I've been meaning to mention an interesting article in the August issue of Scientific American, by Philip Ross, on how people become experts in different fields of accomplishment.
Some clips ard paraphrase from that article: Some of the most clear research on expertise has studied skill at chess, which can be clearly measured. What emerges is that the expert relies not so much on an intrinsically stronger power of analysis as on a store of structured knowledge. Similar results have been demonstrated in bridge players (who can remember cards played in many games), computer programmers (who can reconstruct masses of computer code) and musicians (who can recall long snatches of music). Ability in one area tends not to transfer to another. American psychologist Edward Thorndike first noted this lack of transference over a century ago, when he showed that the study of Latin, for instance, did not improve command of English and that geometric proofs do not teach the use of logic in daily life.
Figure from Amidzic et al. (2001) Brain activity in chess masters is different from the pattern observed in novices. Relationship between chess-playing skill (Elo rating scale) and the relative share of dipoles located in medial temporal lobe structures (black) and in the frontal and parietal cortices (red). In weaker players more activfity occurred in the brain's medial temporal lobe than in the frontal and parietal cortices, which suggests that the amateurs were analyzing unusual new moves. In gradmasters, however, the frontal and parietal cortices were more active, indicating that they were retrieving information from long term memory.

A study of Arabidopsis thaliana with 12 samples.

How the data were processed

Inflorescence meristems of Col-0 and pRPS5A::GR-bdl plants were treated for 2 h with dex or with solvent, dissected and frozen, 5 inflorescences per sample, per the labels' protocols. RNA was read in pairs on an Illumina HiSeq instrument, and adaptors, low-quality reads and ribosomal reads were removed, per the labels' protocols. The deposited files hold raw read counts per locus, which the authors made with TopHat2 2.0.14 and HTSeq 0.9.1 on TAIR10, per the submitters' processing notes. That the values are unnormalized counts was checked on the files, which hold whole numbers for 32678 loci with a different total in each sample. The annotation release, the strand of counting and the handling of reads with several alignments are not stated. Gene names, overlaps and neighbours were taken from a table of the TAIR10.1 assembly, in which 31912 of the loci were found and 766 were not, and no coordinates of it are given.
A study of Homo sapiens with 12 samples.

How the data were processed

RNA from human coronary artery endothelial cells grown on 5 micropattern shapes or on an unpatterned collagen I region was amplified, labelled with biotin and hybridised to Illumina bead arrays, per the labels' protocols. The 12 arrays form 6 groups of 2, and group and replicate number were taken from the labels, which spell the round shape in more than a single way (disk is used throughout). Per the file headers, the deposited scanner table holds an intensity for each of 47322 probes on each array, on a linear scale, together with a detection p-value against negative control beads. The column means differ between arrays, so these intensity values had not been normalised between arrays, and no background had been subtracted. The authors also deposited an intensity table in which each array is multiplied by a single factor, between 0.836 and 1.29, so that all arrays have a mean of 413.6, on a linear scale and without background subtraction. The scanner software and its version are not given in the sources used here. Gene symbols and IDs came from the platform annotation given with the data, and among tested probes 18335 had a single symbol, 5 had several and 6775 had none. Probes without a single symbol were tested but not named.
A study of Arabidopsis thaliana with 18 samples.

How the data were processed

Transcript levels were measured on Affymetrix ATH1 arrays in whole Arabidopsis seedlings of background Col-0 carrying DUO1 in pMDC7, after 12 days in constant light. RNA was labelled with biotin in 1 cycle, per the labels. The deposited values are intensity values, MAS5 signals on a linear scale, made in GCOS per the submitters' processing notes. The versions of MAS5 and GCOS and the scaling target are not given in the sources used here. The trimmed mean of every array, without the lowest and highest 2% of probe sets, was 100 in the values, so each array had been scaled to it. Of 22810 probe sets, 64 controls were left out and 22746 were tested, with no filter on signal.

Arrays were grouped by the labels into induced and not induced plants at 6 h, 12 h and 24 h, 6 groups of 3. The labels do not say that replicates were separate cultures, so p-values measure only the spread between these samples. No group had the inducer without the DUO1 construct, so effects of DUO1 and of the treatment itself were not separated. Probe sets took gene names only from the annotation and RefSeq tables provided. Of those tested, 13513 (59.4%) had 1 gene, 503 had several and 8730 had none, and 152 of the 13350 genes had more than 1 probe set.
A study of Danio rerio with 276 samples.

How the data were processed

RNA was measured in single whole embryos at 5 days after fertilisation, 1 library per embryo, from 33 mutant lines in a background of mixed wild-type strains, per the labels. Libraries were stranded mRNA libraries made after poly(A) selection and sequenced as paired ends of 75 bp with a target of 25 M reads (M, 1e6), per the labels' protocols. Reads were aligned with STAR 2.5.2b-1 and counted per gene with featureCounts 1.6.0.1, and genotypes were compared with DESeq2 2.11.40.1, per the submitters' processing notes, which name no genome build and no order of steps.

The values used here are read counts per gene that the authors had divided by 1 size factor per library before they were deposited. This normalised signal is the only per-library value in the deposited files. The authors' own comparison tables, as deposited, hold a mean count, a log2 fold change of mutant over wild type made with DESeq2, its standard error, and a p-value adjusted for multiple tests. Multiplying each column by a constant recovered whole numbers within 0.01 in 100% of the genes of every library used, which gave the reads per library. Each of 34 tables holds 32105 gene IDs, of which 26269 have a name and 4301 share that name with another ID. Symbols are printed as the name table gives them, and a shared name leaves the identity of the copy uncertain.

It takes enormous effort to build these structures in the mind. Herbert Simon coined a psychological law of his own, the 10-year rule, which states that it takes approximately a decade of heavy labor to master any field. Even child prodigies, such as Gauss in mathematics, Mozart in music and Bobby Fischer in chess, must have made an equivalent effort, perhaps by starting earlier and working harder than others. K.A. Ericsson argues that what matters is not experience per se but "effortful study," which entails continually tackling challenges that lie just beyond one's competence...Having reached an acceptable performance--for instance, keeping up with one's golf buddies or passing a driver's exam--most people relax. Their performance then becomes automatic and therefore impervious to further improvement. In contrast, experts-in-training keep the lid of their mind's box open all the time, so that they can inspect, criticize and augment its contents and thereby approach the standard set by leaders in their fields...
At this point, many skeptics will finally lose patience. Surely, they will say, it takes more to get to Carnegie Hall than practice, practice, practice. Yet this belief in the importance of innate talent, strongest perhaps among the experts themselves and their trainers, is strangely lacking in hard evidence to substantiate it...motivation appears to be a more important factor than innate ability in the development of expertise. It is no accident that in music, chess and sports--all domains in which expertise is defined by competitive performance rather than academic credentialing--professionalism has been emerging at ever younger ages, under the ministrations of increasingly dedicated parents and even extended families.